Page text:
I-91 bridge construction further delayed
BRATTLEBORO — Bridge construction on Interstate 91 is delayed once again.
"The project hasn't met its timeline thus far," Vermont Agency of Transportation Secretary Chris Cole said Thursday.
The four lanes of traffic on I-91 were expected to be back in order by late 2015. Then the plan was to have the lanes open by December 2016. But it doesn't look likely that the contractor PCL Civil Constructors can get it done by then, Cole said.
Now, the expectation is for early spring or late summer of 2017.
The $60 million project began in the fall of 2013. Four bridges are being replaced with two new structures. VTrans hired PCL for construction and FIGG Bridge Engineers for design. Federal funding is covering 90 percent of the cost.
The contract includes a clause for liquidated damages to account for the contractor not delivering the project on time.
"There's some significant money that will be assessed against the project whenever it reaches its completion date," said Cole.
When construction wraps up, one bridge will be used by vehicles traveling north and south on I-91 over Upper Dummerston Road. The other span is a new 1,036-feet arching concrete bridge going over the West River with viewing platforms for pedestrians.
Cole said a number of things can contribute to delays when dealing with such complicated projects. He pointed to the harsh winter of 2014, when low temperatures and heavy snowfall slowed progress. Also, the project's first winter in 2013 saw some unanticipated flooding.
Besides weather, the contractor had some site conditions that proved challenging.
"There was some hard rock they had encountered when they were building the first pier that took them awhile to figure out how to deal with," Cole said. "I think overall, they potentially underestimated the complexity of the design and how long it would take for construction."
Cole said it took "significantly more time" than PCL and FIGG had anticipated to build the first pier and meet the state's quality specifications. The second pier went up much faster because they learned from the first pier, he said.
Another issue has to do with the workforce.
"In our industry in general, we are seeing less and less workers who have higher construction skills, especially for a project like this. This is a special project that requires skilled employees they could not find available in Vermont. That has slowed down the rate at which they can build things," said Cole. "In addition, they were not able to recruit as many employees from out of state after running into the challenge of finding skilled craftsmen in our state."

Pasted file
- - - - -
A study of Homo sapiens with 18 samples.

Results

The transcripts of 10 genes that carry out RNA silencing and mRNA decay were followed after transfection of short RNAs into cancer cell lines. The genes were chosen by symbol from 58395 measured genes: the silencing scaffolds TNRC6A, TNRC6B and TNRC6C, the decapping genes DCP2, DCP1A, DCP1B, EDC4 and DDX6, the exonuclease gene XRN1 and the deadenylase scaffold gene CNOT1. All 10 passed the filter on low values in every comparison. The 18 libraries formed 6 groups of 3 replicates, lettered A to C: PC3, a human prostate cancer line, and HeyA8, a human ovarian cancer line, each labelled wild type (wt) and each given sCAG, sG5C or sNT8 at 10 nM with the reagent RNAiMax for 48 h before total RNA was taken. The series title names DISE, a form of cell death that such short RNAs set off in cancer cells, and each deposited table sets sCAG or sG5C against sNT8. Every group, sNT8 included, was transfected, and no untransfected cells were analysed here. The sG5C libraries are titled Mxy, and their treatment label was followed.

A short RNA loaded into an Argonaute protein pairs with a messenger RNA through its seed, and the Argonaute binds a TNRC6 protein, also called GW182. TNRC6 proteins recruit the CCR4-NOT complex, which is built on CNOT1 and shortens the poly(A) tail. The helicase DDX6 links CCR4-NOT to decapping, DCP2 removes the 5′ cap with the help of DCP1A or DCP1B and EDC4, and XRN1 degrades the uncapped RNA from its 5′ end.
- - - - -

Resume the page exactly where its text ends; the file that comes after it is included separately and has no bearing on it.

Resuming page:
For some reason, he joked, people don't like to work outdoors in Vermont during the winter. In all seriousness, he suspects there might have been a miscalculation on the part of PCL on this front.
With mild weather and a lack of snow, Cole said the contractor had "a terrific winter" this year for getting work completed. Sections coming off the first pier were put in place.
A piece of equipment called the form traveler will now be moving from the first pier to the second one. The machinery is used for moving beams and casting segments of the bridge.
"They're actually ahead of schedule, they indicated, in terms of moving that," Cole said. "So that's a good thing."
Another positive development involves traffic flow during holiday weekends. By closing the entrance ramp at Exit 3, Cole said visitors to the state won't have to worry about getting backed up on I-91. Although ski season's over, July 4, Strolling of the Heifers and Labor Day are coming up.
Part of Cole's reasoning behind visiting Brattleboro on Thursday, he said, was to "really acknowledge the good partnership that we've had with the town of Brattleboro."
The entire project affected mobility and traffic flow. But there was some impact to infrastructure, too.
The town will be given a $200,000 grant.
"We're working with the town to best meet their needs," said Cole, who expects the money likely will go toward road-resurfacing projects stemming from the additional traffic on town roads due to ramp closures. "It's an important, critical project for the state of Vermont for maintaining our economy. It's the main gateway for people to come to Vermont."
VTrans Construction and Materials Bureau Director David Hoyne expects all segments of the bridge will meet at the second pier later this year. But getting barrier walls in place will take some extra time.
Still, Hoyne said the casual observer will be saying, "Wow, it looks like it's almost done."
"This trapezoidal shape, with the size of it, you have to understand how the forms respond, how the concrete mix responds and how those things come together to have a successful placement. It took several segments to really nail that down," Hoyne said. "Concrete mix is a delicate balance to get right."
That process was taking as long as three weeks at first. But now it's getting done in about eight days.
The relationship between the state and the contractor has been good and collaborative, Cole said.
"We both wish it went better. But this happens when you're dealing with complex projects," he said. "It will be quite stunning when it's completed. I think the design team calls it 'Bridge to Nature.' The bottom of the structure is going to have some light blue paint that looks like the sky on that hollow piece."
The project is VTrans' largest in the state, said Cole, citing its size, complexity and cost. The next big project is dubbed the "Middlebury Tunnels" and it involves building a tunnel over an operating railroad track in downtown Middlebury.
In Windham County, there are two projects a few years away from starting. VTrans will be replacing a bridge over Wells River in Bellows Falls and reconstructing Putney Road in Brattleboro.
Contact Chris Mays at firstname.lastname@example.org or 802-254-2311, ext. 273.